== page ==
Château de Vitré

Vitré, France

The first castle in Vitré was built of wood on a feudal motte around the year 1000 on the Sainte-Croix hill. The castle was burned down on several occasions, and eventually was bequeathed to the Benedictine monks of Marmoutier Abbey.

The first stone castle was built by the baron Robert I of Vitré at the end of the 11th century. The defensive site chosen, a rocky promontory, dominated the valley of the Vilaine. A Romanesque style doorway still survives from this building. During the first half of the 13th century, baron André III, rebuilt it in its present triangular form, following the contours of the rocks, surrounded with dry moats.

At his death, the land fell to the family of the Counts of Laval. Guy XII de Laval enlarged the castle in the 15th century. During this period, the final defensive works were realised, notably the gatehouse with double drawbridge, tour Saint-Laurent (St Laurent Tower, the main keep later pierced with cannon apertures) and tour de la Madeleine (Magdalene Tower). Nevertheless, in 1487, Guy XV de Laval opened the castle to French troops without a fight.

From the end of the 15th century, alterations concentrated on improving the comfort of the castle, including the construction of galleries and a renaissance style oratory(1530). The Parlement of Brittany took refuge in the castle three times (in 1564, 1582 and 1583), while plague raged in Rennes.

Under the Rieux and Cologny families, owners of the castle between 1547 and 1605, Vitré sheltered Protestants and became for some years a Huguenot stronghold. In 1589, the castle resisted a five-month siege by the Duc de Mercœur. In 1605, the castle became the property of the Trémoille family, originally from Poitou. The castle was abandoned in the 17th century and began to decline, notably with the partial collapse of the St Laurent Tower and the accidental fire which destroyed the feudal residence at the end of the 18th century.

A départemental prison was built in place of the residence and occupied the northern part of the castle, including the Magdalene Tower. The prison became a barracks with the arrival of the 70th infantry regiment between 1876 and 1877.

The castle was bought by the town in the 1820 for 8500 francs. In 1872, it was one of the first castles in France to be classified as a monument historique (historic monument) and restored from 1875 under the direction of the architect Darcy. Placed in the public domain, the castle was furnished with a small museum, in 1876, inspired by Arthur de la Borderie. Paradoxically, he destroyed the collégiale de la Madeleine (collegiate church of the Madeleine) in the castle courtyard while he was in charge of conservation for the town. A boys' school was built in its place.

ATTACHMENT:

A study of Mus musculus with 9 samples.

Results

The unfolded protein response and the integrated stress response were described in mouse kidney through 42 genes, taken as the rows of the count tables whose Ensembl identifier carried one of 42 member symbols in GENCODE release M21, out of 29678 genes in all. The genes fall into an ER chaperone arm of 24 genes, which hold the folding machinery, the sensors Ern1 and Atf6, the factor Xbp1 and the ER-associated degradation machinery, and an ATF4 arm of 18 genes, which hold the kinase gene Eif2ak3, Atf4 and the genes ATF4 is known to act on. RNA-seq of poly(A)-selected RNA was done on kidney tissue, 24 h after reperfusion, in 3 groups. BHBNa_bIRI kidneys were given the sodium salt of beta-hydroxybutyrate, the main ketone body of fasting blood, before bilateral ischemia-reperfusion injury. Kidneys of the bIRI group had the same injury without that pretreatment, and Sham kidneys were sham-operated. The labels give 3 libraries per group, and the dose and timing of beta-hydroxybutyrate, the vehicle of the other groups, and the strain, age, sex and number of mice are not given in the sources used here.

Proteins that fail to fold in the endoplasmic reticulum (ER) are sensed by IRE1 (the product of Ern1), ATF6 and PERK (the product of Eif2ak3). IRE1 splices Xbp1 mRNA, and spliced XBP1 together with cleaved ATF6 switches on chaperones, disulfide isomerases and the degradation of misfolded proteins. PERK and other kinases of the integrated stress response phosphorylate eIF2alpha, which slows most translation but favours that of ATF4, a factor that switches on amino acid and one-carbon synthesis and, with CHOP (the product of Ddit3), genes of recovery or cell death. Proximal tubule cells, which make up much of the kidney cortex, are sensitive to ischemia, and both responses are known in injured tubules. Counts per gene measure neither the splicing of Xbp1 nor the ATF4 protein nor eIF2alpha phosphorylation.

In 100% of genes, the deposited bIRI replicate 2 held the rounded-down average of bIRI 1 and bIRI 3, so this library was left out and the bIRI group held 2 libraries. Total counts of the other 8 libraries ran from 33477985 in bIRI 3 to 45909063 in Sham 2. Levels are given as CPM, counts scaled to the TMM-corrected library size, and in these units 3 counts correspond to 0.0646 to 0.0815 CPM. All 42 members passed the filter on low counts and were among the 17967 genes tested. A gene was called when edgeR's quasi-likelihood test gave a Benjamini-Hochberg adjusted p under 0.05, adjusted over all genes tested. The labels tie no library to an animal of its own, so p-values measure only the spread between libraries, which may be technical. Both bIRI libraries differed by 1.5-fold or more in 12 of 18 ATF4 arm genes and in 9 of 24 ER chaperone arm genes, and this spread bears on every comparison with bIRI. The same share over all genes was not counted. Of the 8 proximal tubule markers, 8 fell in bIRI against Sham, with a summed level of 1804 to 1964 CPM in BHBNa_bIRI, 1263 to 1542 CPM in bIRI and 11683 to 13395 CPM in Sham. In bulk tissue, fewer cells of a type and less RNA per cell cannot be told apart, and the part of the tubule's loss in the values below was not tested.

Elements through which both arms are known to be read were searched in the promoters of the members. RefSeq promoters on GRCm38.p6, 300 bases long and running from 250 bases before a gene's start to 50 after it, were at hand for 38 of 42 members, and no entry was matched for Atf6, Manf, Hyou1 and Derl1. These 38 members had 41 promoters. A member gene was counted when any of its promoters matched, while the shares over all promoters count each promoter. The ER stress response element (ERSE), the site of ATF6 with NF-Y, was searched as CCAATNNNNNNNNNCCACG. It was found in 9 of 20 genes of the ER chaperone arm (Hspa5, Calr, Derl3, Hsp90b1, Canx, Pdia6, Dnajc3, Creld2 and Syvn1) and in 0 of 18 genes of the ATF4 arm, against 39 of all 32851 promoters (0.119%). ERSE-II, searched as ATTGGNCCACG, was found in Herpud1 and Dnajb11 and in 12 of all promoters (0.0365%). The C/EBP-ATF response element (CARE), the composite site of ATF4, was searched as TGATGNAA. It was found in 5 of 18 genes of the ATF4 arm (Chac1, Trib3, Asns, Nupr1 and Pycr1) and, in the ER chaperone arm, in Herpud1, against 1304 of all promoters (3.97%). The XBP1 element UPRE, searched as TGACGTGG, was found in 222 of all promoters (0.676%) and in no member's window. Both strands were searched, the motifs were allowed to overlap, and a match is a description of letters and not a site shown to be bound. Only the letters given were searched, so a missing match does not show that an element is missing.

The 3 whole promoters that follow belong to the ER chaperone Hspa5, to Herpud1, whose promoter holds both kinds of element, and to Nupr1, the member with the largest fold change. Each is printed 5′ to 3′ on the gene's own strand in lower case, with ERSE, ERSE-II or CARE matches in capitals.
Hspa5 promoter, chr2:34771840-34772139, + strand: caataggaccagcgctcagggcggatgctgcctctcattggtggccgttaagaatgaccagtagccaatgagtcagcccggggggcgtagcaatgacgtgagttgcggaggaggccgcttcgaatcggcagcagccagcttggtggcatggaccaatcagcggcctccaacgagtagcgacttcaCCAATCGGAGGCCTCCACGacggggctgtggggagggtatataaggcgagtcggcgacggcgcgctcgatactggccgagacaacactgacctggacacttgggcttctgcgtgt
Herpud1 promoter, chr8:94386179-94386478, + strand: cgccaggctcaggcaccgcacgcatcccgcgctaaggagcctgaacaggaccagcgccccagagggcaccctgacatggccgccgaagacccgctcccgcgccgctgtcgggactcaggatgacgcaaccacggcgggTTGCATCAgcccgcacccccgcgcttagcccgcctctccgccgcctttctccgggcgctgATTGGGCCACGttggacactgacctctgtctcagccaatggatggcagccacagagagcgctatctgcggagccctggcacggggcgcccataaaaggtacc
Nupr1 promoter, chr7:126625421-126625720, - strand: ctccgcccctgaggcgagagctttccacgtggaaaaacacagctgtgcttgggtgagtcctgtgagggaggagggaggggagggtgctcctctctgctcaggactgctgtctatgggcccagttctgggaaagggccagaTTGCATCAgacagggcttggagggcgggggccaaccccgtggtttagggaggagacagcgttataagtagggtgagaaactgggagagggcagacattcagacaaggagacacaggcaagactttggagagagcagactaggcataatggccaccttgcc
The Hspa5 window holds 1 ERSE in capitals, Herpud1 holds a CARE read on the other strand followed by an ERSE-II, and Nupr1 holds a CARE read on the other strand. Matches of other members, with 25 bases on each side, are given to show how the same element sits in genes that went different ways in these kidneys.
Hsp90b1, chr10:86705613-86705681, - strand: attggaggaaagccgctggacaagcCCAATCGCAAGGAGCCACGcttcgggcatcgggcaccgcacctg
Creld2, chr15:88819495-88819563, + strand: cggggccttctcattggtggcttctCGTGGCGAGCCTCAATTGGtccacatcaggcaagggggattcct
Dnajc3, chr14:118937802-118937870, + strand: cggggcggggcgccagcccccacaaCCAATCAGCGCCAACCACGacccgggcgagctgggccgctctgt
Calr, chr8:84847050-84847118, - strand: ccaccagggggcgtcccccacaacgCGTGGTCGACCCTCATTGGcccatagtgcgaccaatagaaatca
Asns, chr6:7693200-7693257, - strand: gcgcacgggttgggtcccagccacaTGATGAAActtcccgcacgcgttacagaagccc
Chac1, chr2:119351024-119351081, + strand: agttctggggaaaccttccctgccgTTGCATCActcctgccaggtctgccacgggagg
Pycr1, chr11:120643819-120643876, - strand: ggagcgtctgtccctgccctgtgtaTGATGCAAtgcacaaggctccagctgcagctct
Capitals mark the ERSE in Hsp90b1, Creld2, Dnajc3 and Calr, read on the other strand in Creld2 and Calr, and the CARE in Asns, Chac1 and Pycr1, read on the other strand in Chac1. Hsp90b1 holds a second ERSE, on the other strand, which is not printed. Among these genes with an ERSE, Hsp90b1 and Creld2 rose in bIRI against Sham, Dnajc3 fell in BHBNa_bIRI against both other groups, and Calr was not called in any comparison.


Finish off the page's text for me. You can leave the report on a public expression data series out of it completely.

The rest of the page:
Today, the Vitré town hall stands inside the curtain wall, in a building reconstructed in 1912 following the plans of the medieval residence. The Place du Château, outside the castle, used to be the castle forecourt where stables and outbuildings were.


Founded: c. 1090
Category: Castles and fortifications in France
Historical period: Birth of Capetian dynasty (France)

More Information

en.wikipedia.org

Rating

4.4/5 (based on Google user reviews)

User Reviews

Camille Martin (3 months ago)
Very beautiful castle!
Mate Sebestyen (3 months ago)
Good place. Kept very tidy.
Janka Dolezal (4 months ago)
Dive in another century, go visit Chateau Vitré for 6€ entrance. Beautiful rooms refurbished and a good view over Vitré,. Also an exhibition area with a local Artist , not all the Chateau is accessible, but its a nice place !
Daniel A. Antoine (5 months ago)
Beautiful is small medieval castle
Ilian Baslé (2 years ago)
Interesting castle with a nice medieval vibe, but unfortunately only a fraction of it is actually visitable. However the price is very reasonable so its worth it if you're into medieval architecture and history.

From 1239, Raynaud, the Bishop of Quimper, decided on the building of a new chancel destined to replace that of the Romanesque era. He therefore started, in the far west, the construction of a great Gothic cathedral which would inspire cathedral reconstructions in the Ile de France and would in turn become a place of experimentation from where would later appear ideas adopted by the whole of lower Brittany. The date of 1239 marks the Bishop’s decision and does not imply an immediate start to construction. Observation of the pillar profiles, their bases, the canopies, the fitting of the ribbed vaults of the ambulatory or the alignment of the bays leads us to believe, however, that the construction was spread out over time.



At the start of the 16th century the construction of the spires was being prepared when building was interrupted, undoubtedly for financial reasons. Small conical roofs were therefore placed on top of the towers. The following centuries were essentially devoted to putting furnishings in place (funeral monuments, altars, statues, organs, pulpit). Note the fire which destroyed the spire of the transept cross in 1620 as well as the ransacking of the cathedral in 1793 when nearly all the furnishings disappeared in a « bonfire of the saints ».

The 19th century would therefore inherit an almost finished but mutilated building and would devote itself to its renovation according to the tastes and theories of the day.